Superstate is moving real-world assets to the digital space
“We can actually design new financial products that would be too expensive to do off-chain”
robuart/Shutterstock modified by Blockworks
More real-world assets are coming to a blockchain near you, with the latest offering focusing on regulated financial products.
Superstate, a company created by Compound Labs’ founder Robert Leshner, is delivering products like government bond funds, for example, to the Ethereum blockchain.
Leshner, who left Compound Labs in February, previously explained to Blockworks, “a firm can hold a record of your ownership of this mutual fund alongside stablecoins or other crypto assets” in the same platform.
“We’ve talked about people in crypto, seeking yields that are offered in TradFi,” the host of the Bell Curve podcast (Spotify/Apple), Mike Ippolito, says. “It was only a matter of time before crypto tried to harvest some of those yields.”
“One of the key things to understand here,” Ippolito explains, “is that the fund is going to rely on a traditional Wall Street transfer agent to keep ownership records and Ethereum will act as an alternative or a secondary record-keeping service.”
Still figuring things out
The real world asset “push,” co-founder of Framework Ventures Vance Spencer says, “is two-fold.”
“Number one is bringing all the collateral on-chain,” he explains, “but we need to get the collateral moving around, being used on-chain.”
“The on-chain can’t just be the receipt of what’s going on off-chain,” he says.
“We still have to figure out how to do that,” says Framework co-founder Michael Anderson.
Anderson looks forward to the future possibility of an asset living “natively on-chain” with the same status as a regulated asset, adjudicated by a transfer agent. “We’re not there yet.”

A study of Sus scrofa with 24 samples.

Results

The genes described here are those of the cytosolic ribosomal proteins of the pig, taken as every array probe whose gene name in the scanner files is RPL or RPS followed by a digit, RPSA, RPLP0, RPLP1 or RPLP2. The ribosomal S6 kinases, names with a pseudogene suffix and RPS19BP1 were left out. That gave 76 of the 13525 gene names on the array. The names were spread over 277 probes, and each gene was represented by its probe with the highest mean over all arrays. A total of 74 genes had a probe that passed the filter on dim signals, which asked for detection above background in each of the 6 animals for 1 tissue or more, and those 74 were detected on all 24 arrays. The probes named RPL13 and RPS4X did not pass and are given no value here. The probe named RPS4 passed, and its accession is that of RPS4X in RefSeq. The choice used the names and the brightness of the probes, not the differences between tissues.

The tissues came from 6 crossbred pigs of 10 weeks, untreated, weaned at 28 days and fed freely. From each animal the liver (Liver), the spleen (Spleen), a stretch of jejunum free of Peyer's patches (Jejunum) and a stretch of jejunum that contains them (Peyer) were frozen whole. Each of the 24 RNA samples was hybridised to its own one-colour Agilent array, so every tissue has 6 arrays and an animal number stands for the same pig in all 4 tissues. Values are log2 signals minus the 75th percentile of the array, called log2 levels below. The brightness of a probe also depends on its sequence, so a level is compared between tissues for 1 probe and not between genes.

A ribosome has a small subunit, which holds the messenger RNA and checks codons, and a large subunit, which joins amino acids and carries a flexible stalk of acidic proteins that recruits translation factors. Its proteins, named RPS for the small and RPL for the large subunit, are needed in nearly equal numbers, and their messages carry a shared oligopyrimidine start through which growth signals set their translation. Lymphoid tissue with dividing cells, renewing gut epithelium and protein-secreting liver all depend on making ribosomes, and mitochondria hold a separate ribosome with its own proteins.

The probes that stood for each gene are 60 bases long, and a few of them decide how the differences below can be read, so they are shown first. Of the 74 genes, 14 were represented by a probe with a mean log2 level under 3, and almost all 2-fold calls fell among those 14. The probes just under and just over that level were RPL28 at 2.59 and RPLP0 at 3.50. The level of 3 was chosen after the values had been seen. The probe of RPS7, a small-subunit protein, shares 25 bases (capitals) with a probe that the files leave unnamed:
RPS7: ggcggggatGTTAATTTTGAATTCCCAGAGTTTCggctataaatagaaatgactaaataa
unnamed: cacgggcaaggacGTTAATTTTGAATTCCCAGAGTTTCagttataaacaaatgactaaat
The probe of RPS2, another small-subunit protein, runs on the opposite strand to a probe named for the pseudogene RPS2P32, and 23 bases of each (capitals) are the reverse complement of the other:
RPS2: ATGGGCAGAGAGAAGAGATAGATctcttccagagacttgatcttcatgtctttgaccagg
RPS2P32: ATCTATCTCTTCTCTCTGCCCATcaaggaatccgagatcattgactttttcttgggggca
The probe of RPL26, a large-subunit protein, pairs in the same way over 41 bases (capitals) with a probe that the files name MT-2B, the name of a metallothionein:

“Rules will have to change for that to be the case.”
In the same way that digital signatures via applications like DocuSign now enjoy the same legal status as a physical signature, Anderson says legal designation will be necessary for blockchain transactions to represent financial transactions.
Spencer compares the process of transitioning from real world assets to blockchains with a retail purchase of USDC on Coinbase. “You’re taking USD,” he says, and “converting it to USDC and then you’re putting it on-chain.”
But the “sales process” is entirely different with Superstate, Spencer says.
“You need Robert Leshner in a suit going to these Wall Street institutions saying, ‘Hey, put some of your cash management on-chain and we’ll give you additional yields.’”
“You’re still going to be able to run an asset manager at a far lower cost than the traditional asset managers in the space,” Spencer says. “All of your clearing, your settlement, your compliance, your tracking, that’s going to be on-chain.”
With fees incurred at each step, real world asset management is expensive, Spencer explains. Blockchain technology enables a broader range of products by streamlining the process. “We can actually design new financial products that would be too expensive to do off-chain.”
Spencer says over the next couple years, he expects at least $10 billion in real-world assets to be “in the pipeline.”
“If you look at all the real-world assets on-chain today, it’s only a quarter billion.”
“There’s a lot of growth that you can get.”
Podcast co-host Jason Yanowitz suggests the technology could have “an interesting second order impact,” driving institutions to not just offer crypto products like spot bitcoin ETFs, but to “push them to start thinking about on-chain products.”
When markets recover and people see DeFi “as a real thing again,” he says, “you could start seeing some of these huge asset managers and investment management firms starting to toe the line between on-chain and off-chain products.”
Correction July 4, 2023 at 1:40 pm ET: Robert Leshner founded Superstate after leaving his role at Compound Labs, which is not affiliated with the new venture.